Angioma Alliance Receives $50,000 Award from the Julian Grace Foundation to Create Patient Engagement Program in New Mexico


The mission of the Julian Grace New Mexico CCM Engagement Project is to foster a cohesive community in the under-served Hispanic population at risk for CCM. This community will be equipped to provide mutual support in the face of the challenges of a CCM d

Areas in New Mexico Currently Believed To Have Large Numbers Families Affected by Cavernous Angiomas

“All patients and their loved ones in the state will benefit from this project. It will connect patients to other patients." - Joyce Gonzales, CCM survivor and Angioma Alliance researcher.

Angioma Alliance (http://www.angioma.org), the nation’s only patient advocacy nonprofit for individuals impacted by cerebral cavernous angiomas, was awarded a grant from the Julian Grace Foundation to increase its outreach work in New Mexico with a patient engagement program. New Mexico has more people with cavernous angioma than anywhere in the world. Most share a common ancestor, believed to be Cristóbal Baca and his wife Ana Maria Pacheco Ortiz.

This one-year $50,000 award allows the organization to create a program of engagement which will help common descendants find each other. According to Connie Lee, president and CEO of Angioma Alliance, the goal of the program is to improve healthcare outcomes in the cavernous angioma population and increase research participation in clinical drug trials in the state, while fostering a sense of community among those affected. Currently there are no non-surgical treatments for those suffering from cavernous angiomas or malformations (CCM).

“We’re honored to be able to serve these families in New Mexico,” Lee says. “Thanks to the Julian Grace Foundation’s generous support, Angioma Alliance will be able to begin the critical process of engaging this traditionally underserved population. The award will allow us to identify pockets of descendants using genealogical research and outreach to community leaders, contact families, and foster bonds in the community.”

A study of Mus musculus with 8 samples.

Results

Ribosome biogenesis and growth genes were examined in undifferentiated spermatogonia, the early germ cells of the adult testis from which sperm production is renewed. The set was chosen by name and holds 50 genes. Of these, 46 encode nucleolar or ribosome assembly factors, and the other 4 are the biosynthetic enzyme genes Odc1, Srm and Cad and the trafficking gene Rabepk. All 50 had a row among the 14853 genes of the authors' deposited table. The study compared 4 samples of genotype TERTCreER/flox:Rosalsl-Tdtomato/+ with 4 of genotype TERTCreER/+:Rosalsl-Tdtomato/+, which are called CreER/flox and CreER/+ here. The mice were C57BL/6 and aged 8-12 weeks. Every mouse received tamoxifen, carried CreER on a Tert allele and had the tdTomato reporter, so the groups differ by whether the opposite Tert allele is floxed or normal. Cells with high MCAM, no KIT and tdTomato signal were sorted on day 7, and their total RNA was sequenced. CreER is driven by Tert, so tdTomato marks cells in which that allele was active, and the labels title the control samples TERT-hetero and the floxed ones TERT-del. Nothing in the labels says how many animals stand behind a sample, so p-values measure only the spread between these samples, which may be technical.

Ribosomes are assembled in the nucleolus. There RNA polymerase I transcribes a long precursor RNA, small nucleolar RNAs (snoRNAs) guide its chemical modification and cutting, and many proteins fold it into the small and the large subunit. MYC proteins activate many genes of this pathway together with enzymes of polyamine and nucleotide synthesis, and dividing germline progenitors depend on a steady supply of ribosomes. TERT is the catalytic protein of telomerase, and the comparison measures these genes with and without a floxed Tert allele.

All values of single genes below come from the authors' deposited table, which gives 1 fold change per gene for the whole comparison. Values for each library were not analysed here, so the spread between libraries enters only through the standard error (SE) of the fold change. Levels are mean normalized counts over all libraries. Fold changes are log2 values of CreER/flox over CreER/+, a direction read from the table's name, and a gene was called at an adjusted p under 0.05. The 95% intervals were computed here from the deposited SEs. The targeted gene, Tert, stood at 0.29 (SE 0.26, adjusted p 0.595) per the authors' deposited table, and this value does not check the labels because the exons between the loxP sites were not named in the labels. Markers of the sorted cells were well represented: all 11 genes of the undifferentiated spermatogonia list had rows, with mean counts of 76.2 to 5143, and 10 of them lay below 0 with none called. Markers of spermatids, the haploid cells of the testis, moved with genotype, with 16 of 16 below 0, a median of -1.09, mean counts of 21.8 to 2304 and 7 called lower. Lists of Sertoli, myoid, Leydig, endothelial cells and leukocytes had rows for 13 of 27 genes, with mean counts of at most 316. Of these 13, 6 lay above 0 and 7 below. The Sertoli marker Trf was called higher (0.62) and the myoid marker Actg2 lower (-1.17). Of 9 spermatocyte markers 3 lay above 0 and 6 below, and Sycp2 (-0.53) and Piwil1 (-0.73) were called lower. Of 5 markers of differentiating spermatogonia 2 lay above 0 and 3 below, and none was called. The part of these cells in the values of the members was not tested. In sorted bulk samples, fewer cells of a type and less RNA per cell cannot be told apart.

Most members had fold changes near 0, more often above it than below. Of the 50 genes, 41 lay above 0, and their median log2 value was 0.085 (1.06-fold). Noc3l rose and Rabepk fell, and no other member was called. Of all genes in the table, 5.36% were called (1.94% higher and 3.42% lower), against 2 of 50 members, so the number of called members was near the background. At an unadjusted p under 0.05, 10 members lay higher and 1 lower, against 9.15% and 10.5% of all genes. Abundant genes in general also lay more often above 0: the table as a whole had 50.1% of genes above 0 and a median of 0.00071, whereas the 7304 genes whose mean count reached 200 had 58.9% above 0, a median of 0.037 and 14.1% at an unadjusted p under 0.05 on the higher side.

For the New Mexico community, the launch of the program is an answer to long-unfulfilled needs. “The award to Angioma Alliance offers new hope for children and adults affected by CCM in New Mexico,” says Joyce Gonzales of Santa Fe, New Mexico, a CCM survivor and Angioma Alliance volunteer who has spearheaded 10 year of genealogical research on the origin of the Common Hispanic Mutation. “All patients and their loved ones in the state will benefit from this project. It will connect patients to other patients, offering a road map to a better quality of life through education and connection to the medical community.”

The graphic illustrates the areas of the state believed to have the largest concentration of affected families. The award will allow Angioma Alliance foster a cohesive community in the under-served Hispanic population at risk for CCM. This community will be equipped to provide mutual support in the face of the challenges of a CCM diagnosis, thereby reducing stigma and fear, and increasing the likelihood of medical and research engagement.

About Angioma Alliance and Cavernous Angiomas    

Angioma Alliance’s mission is to inform, support and empower individuals affected by cavernous angioma and drive research for better treatments and a cure. Its mission is achieved through a variety of programs, including peer support, patient advocacy, a DNA/tissue bank to provide materials for the medical community, an Annual International Scientific Meeting and direct support of research that will lead to non-invasive cures for CCM.

Cavernous angiomas affect 1 in 500-600 people, or approximately 0.2% of the population, with symptoms such as hemorrhage, seizures, motor problems, memory problems and muscle weakness.